How Entertainment Weekly Changed My Life as a Gay Kid and Led Me to Become a Journalist

For Editorial Director Chris Azzopardi, EW wasn't just a magazine — it was an affirming lifeline

Chris Azzopardi

You wouldn’t be reading this right now if it weren’t for Entertainment Weekly. EW is why I became a journalist. This fact only makes it stranger, and sadder, to say that I can’t believe I won’t receive another issue of EW in my mailbox like I have for the last 20-plus years.

This week, Barry Diller’s IAC Dotdash, after buying magazine giant Meredith Publishing, ceased the publication of EW, which had gone monthly in 2019.

As a ’90s kid, my portal into a far more thrilling world than the one I was in at the time, which often felt like a heavy burden, was EW. At Christmastime, I came to expect my parents to gift me an EW subscription almost every year. Each issue filled my young life with the much-needed fantasy of Hollywood glitz and glam, the notion that my life wouldn’t always be so tough. Best of all, it brought me closer to who I really was.


It also got me as front-and-center as I could get at the time to the famous gay icons who taught me perseverance and survival, like Cher and Mariah Carey. Closer to the TV shows that gave me a taste of what being gay didn’t have to look like but could look like. And much, much closer to N’SYNC, the Backstreet Boys and “Titanic”-era Leonardo DiCaprio, whose photos I’d cut out of the magazine (no offense, EW) and which adorned my childhood bedroom walls. I wasn’t yet out, but it would’ve been easy to explain why cute boy banders and actors served as wallpaper: “Mom and Dad, I just really love pop culture!”

Which is true: EW was my Bible, one of the few things I felt like I could look forward to during a time that felt, to a kid who never fit in and always felt alone, like a battle to survive. It gave me connection when I felt disconnected. This was especially true during high school, when I struggled the hardest with my sexuality, combatting suicidal thoughts, while also trying to understand why my parents didn’t seem to love each other anymore.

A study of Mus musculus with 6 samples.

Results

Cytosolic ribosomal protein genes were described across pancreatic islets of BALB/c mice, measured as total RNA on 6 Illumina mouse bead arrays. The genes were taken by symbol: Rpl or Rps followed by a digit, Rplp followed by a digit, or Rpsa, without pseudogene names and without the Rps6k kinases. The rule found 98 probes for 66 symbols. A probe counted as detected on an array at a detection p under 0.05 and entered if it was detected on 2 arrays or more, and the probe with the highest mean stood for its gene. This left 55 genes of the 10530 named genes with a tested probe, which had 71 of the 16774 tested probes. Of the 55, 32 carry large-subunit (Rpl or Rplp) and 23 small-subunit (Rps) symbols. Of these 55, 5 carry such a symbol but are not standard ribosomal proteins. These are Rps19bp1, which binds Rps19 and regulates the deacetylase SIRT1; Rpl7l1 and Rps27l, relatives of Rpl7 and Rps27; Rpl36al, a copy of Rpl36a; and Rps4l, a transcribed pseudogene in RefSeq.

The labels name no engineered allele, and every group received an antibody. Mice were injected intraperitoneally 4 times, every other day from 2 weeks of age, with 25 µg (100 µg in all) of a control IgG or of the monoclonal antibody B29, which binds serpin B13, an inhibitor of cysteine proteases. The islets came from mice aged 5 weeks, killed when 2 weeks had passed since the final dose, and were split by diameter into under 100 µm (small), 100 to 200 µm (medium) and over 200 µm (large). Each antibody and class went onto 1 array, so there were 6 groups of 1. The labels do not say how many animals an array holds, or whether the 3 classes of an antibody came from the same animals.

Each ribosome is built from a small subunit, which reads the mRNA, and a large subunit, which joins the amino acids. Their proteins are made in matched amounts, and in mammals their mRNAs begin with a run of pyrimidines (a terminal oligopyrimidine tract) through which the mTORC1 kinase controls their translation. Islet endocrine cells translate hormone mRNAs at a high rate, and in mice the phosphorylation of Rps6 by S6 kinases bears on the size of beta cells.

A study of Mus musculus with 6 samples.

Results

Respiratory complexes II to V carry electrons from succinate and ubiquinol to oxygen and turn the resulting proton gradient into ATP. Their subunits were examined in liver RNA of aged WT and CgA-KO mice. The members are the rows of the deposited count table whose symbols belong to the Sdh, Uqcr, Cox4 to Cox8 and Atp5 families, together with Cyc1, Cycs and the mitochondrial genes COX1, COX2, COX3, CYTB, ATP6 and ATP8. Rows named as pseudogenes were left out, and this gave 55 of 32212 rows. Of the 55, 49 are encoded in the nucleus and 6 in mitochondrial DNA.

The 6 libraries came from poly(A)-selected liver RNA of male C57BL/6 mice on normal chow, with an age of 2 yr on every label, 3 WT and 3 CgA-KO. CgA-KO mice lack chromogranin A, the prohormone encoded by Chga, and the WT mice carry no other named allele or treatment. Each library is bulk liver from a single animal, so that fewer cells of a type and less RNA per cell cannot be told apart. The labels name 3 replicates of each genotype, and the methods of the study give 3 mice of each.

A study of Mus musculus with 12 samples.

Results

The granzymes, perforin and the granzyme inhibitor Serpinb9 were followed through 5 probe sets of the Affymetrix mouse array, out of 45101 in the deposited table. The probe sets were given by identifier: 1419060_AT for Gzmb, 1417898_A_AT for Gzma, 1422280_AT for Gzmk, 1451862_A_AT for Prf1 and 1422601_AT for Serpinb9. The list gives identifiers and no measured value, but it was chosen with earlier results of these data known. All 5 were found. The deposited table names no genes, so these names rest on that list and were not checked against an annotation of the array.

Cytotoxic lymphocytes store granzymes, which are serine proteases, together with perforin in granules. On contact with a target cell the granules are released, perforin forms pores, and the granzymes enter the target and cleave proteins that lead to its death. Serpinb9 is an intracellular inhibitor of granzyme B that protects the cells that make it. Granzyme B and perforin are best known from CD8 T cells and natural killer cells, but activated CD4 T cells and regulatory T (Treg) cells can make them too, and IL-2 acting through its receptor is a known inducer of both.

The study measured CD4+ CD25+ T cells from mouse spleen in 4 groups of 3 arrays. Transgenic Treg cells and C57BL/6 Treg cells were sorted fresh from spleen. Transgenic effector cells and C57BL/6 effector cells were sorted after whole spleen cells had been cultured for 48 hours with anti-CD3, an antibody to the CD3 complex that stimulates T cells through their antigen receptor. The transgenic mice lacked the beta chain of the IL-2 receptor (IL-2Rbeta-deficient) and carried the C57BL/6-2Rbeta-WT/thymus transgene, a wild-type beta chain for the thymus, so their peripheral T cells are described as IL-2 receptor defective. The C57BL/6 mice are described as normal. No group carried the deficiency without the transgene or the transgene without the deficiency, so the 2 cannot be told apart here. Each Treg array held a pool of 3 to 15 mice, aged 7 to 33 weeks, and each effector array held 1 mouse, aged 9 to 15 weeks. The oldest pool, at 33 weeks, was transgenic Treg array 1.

Everything was so uncertain then, except for one thing: Every week, an issue of EW would show up in the mailbox. It’s when I learned to love getting the mail, and why I made my parents make me my own mail key. There was just something so special about seeing my name on every issue. Something that was all my own at a time when I couldn’t even own my identity.

EW was why I became a journalist. I remember in my senior year of college applying for a job — there was no job listing, but I still gave it a shot — writing an impassioned cover letter about my deep relationship to the magazine, describing just what EW meant to me. I couldn’t have known then what losing EW would feel like now.

Too gay

And, truthfully, I’m taking this announcement hard, especially as I have fond memories of holding onto every issue for sometimes months, sometimes years, to quench my ferocious appetite for anything pop culture. It always pained me to have to decide which ones I’d hold onto and which ones I’d let go of, sanity-saving pieces of my youth dumped into the recycling bin. I couldn’t get rid of the ones with Mariah, who, because I was so inspired by her music, renewed my shattered queer spirit every time I saw a mere photo of her. I tucked away the ones that featured some of my favorite shows, like “Queer as Folk” and “Will & Grace,” ones that made me feel like I could someday have a place in the world. And I kept anything with Ellen in it because they made me feel less alone.

Those issues didn’t just lead me to where I am now in journalism — they led me here, to Pride Source Media Group and Between The Lines, Pride Source's print publication. They led me to do the thing I loved that EW got to do — interview Mariah and Cher. And they remind me that media matters, representation matters, and somewhere to some closeted 16-year-old who was once like me — this publication matters, too.

This wasn’t meant to be a call to action, but if you’re reading this now, it should be. Because I’ll be honest: I’m afraid for the future of print media. And to keep print alive, it’s you who goes to your local queer bar or Whole Foods or coffeehouse and picks up our paper and thumbs through its pages, hopefully learning something new or, like in my case as a young queer kid with nothing to relate to, something outside your own world that you identify with. New ideas, new perspectives, people whose stories help us, through their unique lens, reexamine our own lives. And it’s that world I hope we can continue to preserve for generations to come.